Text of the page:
Since the Nobel Peace Prize-winning Doctors Without Borders is our favorite humanitarian health organization, we were expecting the first documentary to focus on their work to be a heroic tribute to the courage, creativity, and goodness of those medical personnel who volunteer to serve in hot spots of violence, war, and suffering around the world. Instead director Mark Hopkins presents a vivid and unforgettable portrait of how constant contact with death, pain, and savagery can lead to burnout in even the most gifted and compassionate doctors. The documentary, by showing us the real situation this organization faces, increases our desire to donate to this cause!

The settings for this profile of four physicians are the Congo, still caught up in war, and Liberia, where civil conflict has left its devastating mark on the country. We are struck again and again by the breadth and depth of human suffering these doctors witness. In the face of such unrelenting and staggering horror, it is not surprising that they feel inadequate to the task of helping the victims.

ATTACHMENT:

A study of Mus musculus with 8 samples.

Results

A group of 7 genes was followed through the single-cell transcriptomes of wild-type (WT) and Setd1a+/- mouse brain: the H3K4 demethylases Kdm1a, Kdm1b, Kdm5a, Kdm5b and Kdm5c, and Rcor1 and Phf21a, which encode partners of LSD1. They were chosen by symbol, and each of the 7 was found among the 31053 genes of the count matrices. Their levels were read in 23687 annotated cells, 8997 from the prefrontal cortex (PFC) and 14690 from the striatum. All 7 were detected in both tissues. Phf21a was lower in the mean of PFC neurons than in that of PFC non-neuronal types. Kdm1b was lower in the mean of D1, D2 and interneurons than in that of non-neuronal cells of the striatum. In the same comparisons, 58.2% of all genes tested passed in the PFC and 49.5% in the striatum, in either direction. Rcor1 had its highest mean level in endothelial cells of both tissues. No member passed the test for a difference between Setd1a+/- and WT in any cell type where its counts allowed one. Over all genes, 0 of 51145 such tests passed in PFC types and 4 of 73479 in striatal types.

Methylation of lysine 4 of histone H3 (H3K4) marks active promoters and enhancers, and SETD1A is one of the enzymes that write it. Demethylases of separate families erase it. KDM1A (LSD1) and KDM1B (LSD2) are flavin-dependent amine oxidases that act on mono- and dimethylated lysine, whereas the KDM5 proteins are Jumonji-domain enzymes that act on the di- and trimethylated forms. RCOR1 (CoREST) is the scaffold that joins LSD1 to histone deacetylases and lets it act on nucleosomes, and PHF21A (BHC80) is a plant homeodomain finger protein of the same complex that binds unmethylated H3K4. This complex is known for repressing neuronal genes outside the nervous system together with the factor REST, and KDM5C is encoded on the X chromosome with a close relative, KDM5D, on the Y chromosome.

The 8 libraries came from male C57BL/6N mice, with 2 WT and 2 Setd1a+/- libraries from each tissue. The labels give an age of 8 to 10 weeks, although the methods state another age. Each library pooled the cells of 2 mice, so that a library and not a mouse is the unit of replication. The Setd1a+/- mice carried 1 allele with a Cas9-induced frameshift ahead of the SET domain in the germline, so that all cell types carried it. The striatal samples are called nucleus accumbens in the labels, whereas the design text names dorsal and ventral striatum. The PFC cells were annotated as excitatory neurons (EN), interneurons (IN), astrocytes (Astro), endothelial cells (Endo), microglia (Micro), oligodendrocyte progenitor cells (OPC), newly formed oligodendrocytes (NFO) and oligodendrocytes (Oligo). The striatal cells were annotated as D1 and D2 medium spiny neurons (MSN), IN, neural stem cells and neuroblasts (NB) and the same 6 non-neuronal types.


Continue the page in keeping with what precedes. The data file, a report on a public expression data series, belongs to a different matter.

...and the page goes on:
Tom Krueger is a Tennessee surgeon on his first assignment who has his hands full handling emergency cases in a place where the doctors' stress is palpable. He admits that fixing other people is his way of coming to terms with what is broken in himself.

Chiara Lepora is an Italian toxicologist in charge of a mission in Monrovia, Liberia, who is distraught about the necessity of closing it down. Chris Brasher, an anesthesiologist in his ninth year of service, is burnt out and depressed; he knows that he is running on empty. Australian Davinder Gill is a rookie trying to cope in a far-away Liberian clinic.

We are told in the documentary that over two billion people in the world have no access to medical care at all. These stressed-out doctors struggle to stem the tide of disease, pain, and the after-effects of war. It is understandable that they self-medicate with alcohol, given the nonstop agony they confront every day, not to mention muck-ups and failures that come when they do not have the proper medicines, tools, or supplies they need. Seeing them doing the best they can in hellish circumstances makes them more human and heroic than ever!